The post-Millennial generation is on track to be the most diverse in U.S. history, according to analysis by the Pew Research Center. The more diverse we become, the greater the expectation and responsibility for inclusion. After all, diversity is only the start of the equation for positive workplace culture; it takes inclusion to activate diversity. This is but one of many compelling reasons for making inclusion a workplace priority in 2022.
In an inclusive environment, everyone feels a strong sense of belonging to the group, both in terms of the work they are doing and the relationships they are forming. Their contributions, their presence and their viewpoint are recognized and valued. In this environment, each individual is confident that the tasks they perform make good use of their skills and abilities, and that they can show up to perform these tasks as their true selves without hiding aspects of their identity or personality.
Inclusion is the foundation that drives performance. Gartner’s research shows that 75% of organizations with frontline decision-making teams with a diverse and inclusive culture exceed their financial targets.
And, the benefits of fostering inclusion and diversity in the workplace go beyond the most obvious financial results. An inclusive culture increases your ability to attract and retain talent, grows employee and customer trust and engagement, and boosts innovation.
Through RallyBright’s own research we have learned you can drive inclusion by understanding and addressing some of the most important current concerns at work, including talent retention and acquisition, belonging and being valued, psychological safety, sense of purpose, burnout and low engagement, and office culture and mission.
But inclusion doesn’t happen without a conscious and deliberate strategy. Cultivating an inclusive work environment is challenging, even within companies that are successfully hiring diverse talent. Still, making inclusion a priority is now an imperative. Checking boxes and symbolic gestures are not enough to move the needle on inclusion. Customers expect a genuine commitment. And employees and job candidates demand it. This calls for thoughtful, engaged leadership backed by adequate financial investment.
Gartner’s research shows that 75% of organizations with frontline decision-making teams with a diverse and inclusive culture exceed their financial targets.
As you consider how you can prioritize inclusion this year, here are four practices adopted by inclusion leaders that can help you begin to foster an inclusive culture.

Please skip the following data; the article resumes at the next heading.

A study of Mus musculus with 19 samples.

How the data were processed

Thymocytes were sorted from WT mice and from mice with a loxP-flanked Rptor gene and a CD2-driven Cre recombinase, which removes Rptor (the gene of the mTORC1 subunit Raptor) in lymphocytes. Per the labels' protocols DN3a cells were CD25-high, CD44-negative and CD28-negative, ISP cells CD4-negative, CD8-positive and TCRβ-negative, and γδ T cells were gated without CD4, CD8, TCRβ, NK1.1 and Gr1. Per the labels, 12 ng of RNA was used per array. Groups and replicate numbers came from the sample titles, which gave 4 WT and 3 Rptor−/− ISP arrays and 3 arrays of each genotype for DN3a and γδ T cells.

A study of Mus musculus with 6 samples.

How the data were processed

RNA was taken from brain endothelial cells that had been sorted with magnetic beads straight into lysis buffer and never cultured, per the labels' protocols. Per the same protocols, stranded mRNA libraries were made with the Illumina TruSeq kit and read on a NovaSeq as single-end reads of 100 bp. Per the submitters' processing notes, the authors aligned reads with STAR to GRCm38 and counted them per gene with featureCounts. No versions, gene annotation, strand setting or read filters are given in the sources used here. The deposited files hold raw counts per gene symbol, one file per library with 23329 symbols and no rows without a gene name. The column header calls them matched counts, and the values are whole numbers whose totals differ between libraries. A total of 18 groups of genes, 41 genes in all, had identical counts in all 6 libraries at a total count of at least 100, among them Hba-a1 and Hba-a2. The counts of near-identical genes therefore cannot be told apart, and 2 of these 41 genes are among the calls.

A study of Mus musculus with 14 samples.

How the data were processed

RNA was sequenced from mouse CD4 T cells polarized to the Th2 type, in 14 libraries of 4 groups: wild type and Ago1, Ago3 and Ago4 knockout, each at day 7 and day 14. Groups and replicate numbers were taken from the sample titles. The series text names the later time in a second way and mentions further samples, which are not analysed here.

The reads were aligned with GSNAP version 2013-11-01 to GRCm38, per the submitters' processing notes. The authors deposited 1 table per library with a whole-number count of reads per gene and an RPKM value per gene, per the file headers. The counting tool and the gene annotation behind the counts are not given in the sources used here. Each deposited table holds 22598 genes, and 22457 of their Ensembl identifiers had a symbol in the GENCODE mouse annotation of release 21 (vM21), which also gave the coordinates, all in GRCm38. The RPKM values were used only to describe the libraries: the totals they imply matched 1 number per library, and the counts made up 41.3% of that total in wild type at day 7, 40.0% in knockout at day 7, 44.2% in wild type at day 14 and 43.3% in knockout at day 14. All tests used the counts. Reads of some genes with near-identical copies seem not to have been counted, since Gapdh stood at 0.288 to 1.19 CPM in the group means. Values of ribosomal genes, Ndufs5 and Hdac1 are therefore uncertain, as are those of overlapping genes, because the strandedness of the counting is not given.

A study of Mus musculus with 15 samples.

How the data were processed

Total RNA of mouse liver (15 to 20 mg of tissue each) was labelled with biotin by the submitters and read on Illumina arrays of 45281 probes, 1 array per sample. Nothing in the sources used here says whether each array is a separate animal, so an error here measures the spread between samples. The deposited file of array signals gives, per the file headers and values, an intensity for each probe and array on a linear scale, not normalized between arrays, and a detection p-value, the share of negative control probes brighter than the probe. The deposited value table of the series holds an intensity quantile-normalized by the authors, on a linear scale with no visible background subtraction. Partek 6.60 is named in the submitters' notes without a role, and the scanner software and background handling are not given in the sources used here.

Define what inclusion means in your organization
Establish standards of behavior based on a shared understanding of inclusion. This can encompass recognizing and respecting the diverse voices, perspectives and ideas contributed by your workforce. It may also include operating in an authentic, respectful, trusting and ethical manner, or serving others with respect and compassion.
Assess your capacity for inclusion
How is inclusion currently practiced by your teams? For example, are inclusive behaviors (e.g. respectful challenging of ideas) defined, modeled, and reinforced? Identify obvious areas for improvement. Then design and execute strategies, systems, practices and policies that cultivate an inclusive culture in which all employees experience a sense of belonging and opportunity.
As an example of how to practice inclusion, Gartner suggests adopting a team manifesto to drive engagement and tie inclusion to the team’s mission. “A meaningful, inspiring purpose matters for any team, because it fosters engagement and a sense of shared investment. Inspired by a common purpose, everyone feels that it is ‘their’ mission, not someone else’s,” explains Gartner’s Bruce Robertson.
Recruit and develop inclusive leaders
Inclusion requires thoughtful, engaged leadership, backed by practices and systems to ensure leaders deliver on inclusion commitments. Provide the training and tools to develop more inclusive leaders in a way that inspires ownership of personal and professional growth. Encourage champions of inclusion by identifying those who are driving inclusion within your organization, and amplify their ideas for company-wide impact.
Track progress over time
Establish measures of success and continue to work toward your objectives. A Gartner survey found that 85% of D&I leaders cited organizational inclusion as the most important talent outcome of their D&I efforts. Yet only 57% of organizations currently use that metric to track D&I progress, and many of those aren’t confident in that metric. The firm recommends prioritizing a metric that tracks overall progress over time.
Our own Inclusive Collaboration Toolkit enables organizations to track key variables of organizational collaboration and inclusion, including alignment, cooperation, compassion, fairness, psychological safety and belonging. By gathering this knowledge, organizations can pinpoint areas to address.
Making inclusion a priority is good business. It’s imperative for fostering innovation, gaining the trust and support of customers, and attracting and retaining talent. But, building inclusion doesn’t happen overnight, which means there is no better time than now to formulate a deliberate strategy. By making inclusion a priority in 2022, this time next year you could be among those companies that are measuring progress toward inclusion goals and experiencing the business benefits that result.
John Estafanous is the founder and CEO of RallyBright.